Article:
As the Europe Commission stands by the Spanish government's efforts to quash Catalonia's independence referendum, the U.N. human rights chief is demanding an investigation into allegations of abuse by state police forces as the regional government is launching its own investigation into violence that left nearly 900 people injured this weekend.
"With hundreds of people reported injured, I urge the Spanish authorities to ensure thorough, independent, and impartial investigations into all acts of violence," Zeid Ra'ad Al Hussein, U.N. High Commissioner for Human Rights, said in a statement released Monday.
Madrid, which has maintained that the referendum violates Spain's constitution, sent additional police forces into the region ahead of the vote to seize ballot materials and close down polls, triggering massive protests and occupations of polling stations by voters.
The people of Catalonia, a wealthy northeast region of Spain, voted overwhelming in favor of independence on Sunday despite efforts by the Spanish government to prevent the referendum.
"Thousands of Spanish police were shipped in to the region to prevent the vote on secession," Reuters reports, "though scenes of violence due to heavy-handed tactics by armored, baton-carrying riot units have received international condemnation."
The U.N. commissioner, who said he was "very disturbed by the violence," urged leaders from Madrid and Catalonia to resolve the independence dispute "through political dialogue, with full respect for democratic freedoms," and called on the Spanish government "to accept without delay the requests by relevant U.N. human rights experts to visit."
Amnesty International has deployed a team of researchers in Catalonia to monitor human rights violations. John Dalhuisen, the group's Europe and Central Asia director, said: "There is plenty of footage to suggest that police officers have used excessive and disproportionate force at at least some of them. With tensions running high, it is essential that both Spanish law and international human rights law is respected."
Carles Puigdemont—the Catalan leader who was inaugurated as president after a reported 90 percent of voters expressed support for Catalonia's independence—announced on Monday that Catalonia will launch a special commission to investigate alarming actions by Spanish national police, which were documented and widely shared on social media throughout the weekend.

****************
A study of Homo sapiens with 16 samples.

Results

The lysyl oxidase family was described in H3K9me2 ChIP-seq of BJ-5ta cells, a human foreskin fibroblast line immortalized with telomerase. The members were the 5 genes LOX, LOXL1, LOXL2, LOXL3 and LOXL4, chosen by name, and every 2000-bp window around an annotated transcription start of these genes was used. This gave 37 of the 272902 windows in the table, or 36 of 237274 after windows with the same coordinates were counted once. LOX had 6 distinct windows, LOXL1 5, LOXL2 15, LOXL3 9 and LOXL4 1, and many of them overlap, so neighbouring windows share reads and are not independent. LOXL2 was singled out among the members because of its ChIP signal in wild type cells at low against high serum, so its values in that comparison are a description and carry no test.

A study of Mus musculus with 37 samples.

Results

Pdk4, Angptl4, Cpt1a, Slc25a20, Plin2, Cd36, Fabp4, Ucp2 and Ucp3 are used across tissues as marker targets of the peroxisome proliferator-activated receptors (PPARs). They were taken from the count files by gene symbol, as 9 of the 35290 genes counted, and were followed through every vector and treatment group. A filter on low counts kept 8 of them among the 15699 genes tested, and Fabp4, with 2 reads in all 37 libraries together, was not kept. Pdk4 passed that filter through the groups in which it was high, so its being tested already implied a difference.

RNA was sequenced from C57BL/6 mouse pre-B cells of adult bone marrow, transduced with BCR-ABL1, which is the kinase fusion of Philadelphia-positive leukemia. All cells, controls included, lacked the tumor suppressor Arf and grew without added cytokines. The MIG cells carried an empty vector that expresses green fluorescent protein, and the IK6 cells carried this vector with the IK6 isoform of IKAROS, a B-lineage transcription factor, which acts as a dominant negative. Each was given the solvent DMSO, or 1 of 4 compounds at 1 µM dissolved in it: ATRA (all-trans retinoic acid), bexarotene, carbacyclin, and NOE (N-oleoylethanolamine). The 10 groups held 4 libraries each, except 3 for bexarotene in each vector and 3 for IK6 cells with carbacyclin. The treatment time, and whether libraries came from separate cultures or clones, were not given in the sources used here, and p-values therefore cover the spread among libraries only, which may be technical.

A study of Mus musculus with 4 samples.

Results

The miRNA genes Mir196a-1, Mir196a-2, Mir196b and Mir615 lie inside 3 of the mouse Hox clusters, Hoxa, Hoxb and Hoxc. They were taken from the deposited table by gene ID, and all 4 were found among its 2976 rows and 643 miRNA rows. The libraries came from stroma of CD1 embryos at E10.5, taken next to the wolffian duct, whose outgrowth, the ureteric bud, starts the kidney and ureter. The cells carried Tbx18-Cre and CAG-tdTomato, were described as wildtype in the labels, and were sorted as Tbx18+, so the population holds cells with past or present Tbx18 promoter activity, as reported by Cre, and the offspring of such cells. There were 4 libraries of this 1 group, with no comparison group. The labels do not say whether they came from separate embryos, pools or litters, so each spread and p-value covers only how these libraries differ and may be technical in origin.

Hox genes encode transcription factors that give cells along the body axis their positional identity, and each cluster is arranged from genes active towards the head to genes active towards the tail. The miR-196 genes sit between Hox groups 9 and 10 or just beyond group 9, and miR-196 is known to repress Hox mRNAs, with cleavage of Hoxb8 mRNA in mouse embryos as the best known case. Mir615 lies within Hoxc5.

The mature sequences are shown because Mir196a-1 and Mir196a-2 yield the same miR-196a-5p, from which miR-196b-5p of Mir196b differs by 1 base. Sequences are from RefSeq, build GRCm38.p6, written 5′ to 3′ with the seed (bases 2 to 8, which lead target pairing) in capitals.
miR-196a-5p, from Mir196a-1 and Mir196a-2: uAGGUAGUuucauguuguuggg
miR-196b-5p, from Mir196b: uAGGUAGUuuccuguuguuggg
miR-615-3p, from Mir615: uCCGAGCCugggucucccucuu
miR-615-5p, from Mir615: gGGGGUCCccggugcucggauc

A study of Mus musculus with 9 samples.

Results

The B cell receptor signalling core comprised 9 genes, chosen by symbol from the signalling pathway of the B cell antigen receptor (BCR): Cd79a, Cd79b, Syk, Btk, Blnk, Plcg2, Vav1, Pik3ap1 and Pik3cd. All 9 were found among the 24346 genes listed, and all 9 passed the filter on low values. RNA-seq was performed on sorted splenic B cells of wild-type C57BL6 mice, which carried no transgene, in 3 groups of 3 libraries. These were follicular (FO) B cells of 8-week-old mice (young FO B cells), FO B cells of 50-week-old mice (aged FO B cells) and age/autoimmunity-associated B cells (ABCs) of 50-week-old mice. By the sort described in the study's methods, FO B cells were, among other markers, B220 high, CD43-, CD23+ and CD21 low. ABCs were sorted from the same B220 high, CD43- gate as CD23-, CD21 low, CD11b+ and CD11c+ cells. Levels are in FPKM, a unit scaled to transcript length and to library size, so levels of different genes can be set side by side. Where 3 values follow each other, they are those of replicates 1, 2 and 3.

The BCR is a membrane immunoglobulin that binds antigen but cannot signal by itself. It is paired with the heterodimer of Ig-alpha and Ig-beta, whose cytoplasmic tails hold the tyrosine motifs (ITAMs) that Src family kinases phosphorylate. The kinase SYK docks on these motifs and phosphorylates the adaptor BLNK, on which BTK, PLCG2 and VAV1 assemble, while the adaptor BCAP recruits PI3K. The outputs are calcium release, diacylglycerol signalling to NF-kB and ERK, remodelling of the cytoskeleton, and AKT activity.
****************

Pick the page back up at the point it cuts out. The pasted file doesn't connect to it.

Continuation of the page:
Puigdemont said in a news conference that the vote was valid and binding, but that he had not yet been in touch with the Spanish government. Although he had previously promised to "declare Catalan independence imminently," Puigdemont said on Sunday night that "the referendum results would be put before the regional parliament 'where the sovereignty of our people lies, so that it can act in accordance with the law of the referendum,'" the Guardian reports.
The Catalan leader called on Spanish Prime Minister Mariano Rajoy to declare whether he would engage in mediation talks overseen by the European Union to transition the region to an independent nation.
However, in a statement released Monday, the European Commission, the executive of the European Union, endorsed Madrid's claim that "under the Spanish Constitution," the vote for Catalan independence "was not legal."
"For the European Commission, as President [Jean-Claude] Juncker has reiterated repeatedly, this is an internal matter for Spain that has to be dealt with in line with the constitutional order of Spain," the statement continued, adding: "We trust the leadership of Prime Minister Mariano Rajoy to manage this difficult process."
On Sunday, Rajoy was rebuked for praising the actions of the Spanish police forces and refusing to condemn the violence that left hundreds of Catalan voters injured.